18 AUG 2023

QUT (Queensland University of Technology) and Brisbane Powerhouse are thrilled to announce the highly-anticipated winner of the 2023 Wandima Fellowship, proud Wakka Wakka, Ngugi and Birrpai woman, Ngioka Bunda-Heath. 

Drawn from a Yagara word meaning “rising; going upwards”, the year-long Wandima Fellowship, now in its second year, was formed to support early-career Indigenous Australian creative practitioners and includes a supported program of mentoring, professional development, internship and work experience within the creative space of both QUT and Brisbane Powerhouse. 

Based in Naarm (Melbourne), Ngioka is an independent First Nations dancer who holds an Advanced Diploma in the Performing Arts (Dance) from Aboriginal Centre for Performing Arts and was the first Aboriginal woman in her field to graduate from the Victorian Collage of the Arts with a Bachelor of Fine Arts (Dance). 

Ngioka already holds a strong presence in the Australian dance community as a dancer, teacher, choreographer, and coordinator which includes teaching within Bangarra Dance Theatre’s youth program and at Victorian College of the Arts. Her formidable efforts towards not only producing new, innovative works, but to sharing her knowledge through education and cultural experiences have given her a leading edge within her field, now being recognised with her rich potential for new, various career opportunities. 

As part of the Fellowship, Ngioka will explore her connection to country and develop her new contemporary dance work, Estuary. Based in Ngugi language in the form of song and dance techniques from Stradbroke Island, Estuary explores Mother Earth’s waterways as lifeblood connecting us all.  

Ngoika says “It is time for me to come back home and create and share stories through dance. As an Indigenous Australian artist, this fellowship allows me to build upon my skills and showcase my passions whilst continuing the great work of those that have come before me whilst establishing deeper industry connections and pathways back home in Brisbane.”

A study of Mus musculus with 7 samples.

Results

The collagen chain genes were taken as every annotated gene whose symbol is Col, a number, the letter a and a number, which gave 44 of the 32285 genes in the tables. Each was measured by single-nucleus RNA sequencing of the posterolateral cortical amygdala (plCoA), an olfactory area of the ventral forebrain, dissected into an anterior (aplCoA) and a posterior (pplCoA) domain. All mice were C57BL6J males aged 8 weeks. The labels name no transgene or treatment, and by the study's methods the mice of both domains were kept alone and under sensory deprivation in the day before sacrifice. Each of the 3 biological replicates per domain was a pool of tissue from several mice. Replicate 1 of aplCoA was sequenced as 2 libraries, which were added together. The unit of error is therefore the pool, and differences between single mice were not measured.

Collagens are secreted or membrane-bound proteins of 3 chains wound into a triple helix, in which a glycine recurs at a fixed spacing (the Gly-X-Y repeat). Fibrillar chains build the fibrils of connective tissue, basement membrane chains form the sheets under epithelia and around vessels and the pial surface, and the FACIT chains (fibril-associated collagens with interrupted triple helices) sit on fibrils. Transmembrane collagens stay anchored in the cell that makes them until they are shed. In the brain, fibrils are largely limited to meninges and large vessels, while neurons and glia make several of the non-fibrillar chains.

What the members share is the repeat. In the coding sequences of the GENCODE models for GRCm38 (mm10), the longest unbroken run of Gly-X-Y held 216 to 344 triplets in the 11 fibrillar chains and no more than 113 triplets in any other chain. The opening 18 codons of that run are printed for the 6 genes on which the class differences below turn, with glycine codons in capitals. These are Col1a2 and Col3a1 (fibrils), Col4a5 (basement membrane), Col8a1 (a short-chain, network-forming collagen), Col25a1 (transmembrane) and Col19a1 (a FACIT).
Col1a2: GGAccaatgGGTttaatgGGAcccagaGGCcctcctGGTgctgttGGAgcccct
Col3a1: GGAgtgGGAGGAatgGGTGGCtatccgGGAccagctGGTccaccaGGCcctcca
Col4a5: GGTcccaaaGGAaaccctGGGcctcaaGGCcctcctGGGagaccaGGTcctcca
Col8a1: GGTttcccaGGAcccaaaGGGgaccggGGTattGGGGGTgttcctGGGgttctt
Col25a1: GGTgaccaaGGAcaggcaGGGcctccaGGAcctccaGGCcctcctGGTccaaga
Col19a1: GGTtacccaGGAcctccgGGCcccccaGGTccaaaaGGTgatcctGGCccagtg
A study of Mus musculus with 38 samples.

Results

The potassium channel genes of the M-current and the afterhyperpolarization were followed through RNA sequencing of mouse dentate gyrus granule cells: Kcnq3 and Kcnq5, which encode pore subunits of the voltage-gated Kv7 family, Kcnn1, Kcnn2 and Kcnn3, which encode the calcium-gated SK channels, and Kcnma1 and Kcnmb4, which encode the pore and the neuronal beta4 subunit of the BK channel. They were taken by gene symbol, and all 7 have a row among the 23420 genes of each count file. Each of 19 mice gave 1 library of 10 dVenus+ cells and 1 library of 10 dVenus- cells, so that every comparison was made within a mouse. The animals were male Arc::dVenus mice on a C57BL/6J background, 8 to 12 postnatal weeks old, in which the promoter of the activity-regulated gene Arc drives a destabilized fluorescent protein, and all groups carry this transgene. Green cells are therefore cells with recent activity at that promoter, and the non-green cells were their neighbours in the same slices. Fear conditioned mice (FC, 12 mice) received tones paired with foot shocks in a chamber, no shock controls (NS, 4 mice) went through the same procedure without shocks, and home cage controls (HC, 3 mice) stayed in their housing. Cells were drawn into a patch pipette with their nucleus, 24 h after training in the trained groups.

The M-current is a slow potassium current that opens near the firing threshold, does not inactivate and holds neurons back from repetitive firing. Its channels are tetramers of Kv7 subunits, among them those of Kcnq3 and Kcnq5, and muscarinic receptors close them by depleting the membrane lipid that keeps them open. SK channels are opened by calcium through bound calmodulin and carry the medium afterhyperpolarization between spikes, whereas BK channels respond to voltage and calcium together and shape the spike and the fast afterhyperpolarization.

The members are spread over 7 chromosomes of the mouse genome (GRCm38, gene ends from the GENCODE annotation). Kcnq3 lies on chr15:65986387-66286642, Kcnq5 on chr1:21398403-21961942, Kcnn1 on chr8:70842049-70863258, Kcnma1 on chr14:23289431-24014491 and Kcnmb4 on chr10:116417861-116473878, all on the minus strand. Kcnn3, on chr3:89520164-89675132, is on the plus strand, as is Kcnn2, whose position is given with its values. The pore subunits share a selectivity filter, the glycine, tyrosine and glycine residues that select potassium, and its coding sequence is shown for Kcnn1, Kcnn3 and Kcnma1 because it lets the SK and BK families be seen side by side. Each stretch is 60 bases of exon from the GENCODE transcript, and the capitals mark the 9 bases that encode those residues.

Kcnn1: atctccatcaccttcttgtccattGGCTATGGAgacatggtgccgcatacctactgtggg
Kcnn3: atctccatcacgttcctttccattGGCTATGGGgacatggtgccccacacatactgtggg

Brad Spolding, Arts Program Director of Brisbane Powerhouse states, “Ngioka Bunda-Heath is a dynamic and exciting artist with a substantial creative history and national and international practice. As the Wandima fellow, I look forward to supporting her practice and vision over this year-long program as she embarks on several new artistic projects.” 

Brisbane Powerhouse and QUT have been partners for well over a decade and in this time, have helped foster artistic talent though various programs. In turn, the Wandima Fellowship was a natural progression to help identify emerging First Nations artists and further connect with First Nations people.  

Angela Leitch, QUT Deputy Vice-Chancellor (Indigenous Strategy) says, “Ngioka is already a star on the rise with many accomplishments to her name, and I know this opportunity will only help her shine brighter. We are also looking forward to her working with her during the year to inspire and collaborate with QUT students during her fellowship to help to grow our local talent further.”  

We are delighted to welcome Ngioka and her depth of skill into the Brisbane Powerhouse team, further developing her personal creative practice while laying the foundation for specialised support, new professional networks and expanding opportunities. 

Congratulations Ngioka, we cannot wait to accompany you on this special journey. 

Image credit: Top; Ngioka Bunda-Heath. Bottom Left; Toni Janke, Ngioka Bunda-Heath and Angelina Hurley. Bottom Right; Kate Gould, Angela Leitch, Ngioka Bunda-Heath and Professor Lori Lockyer.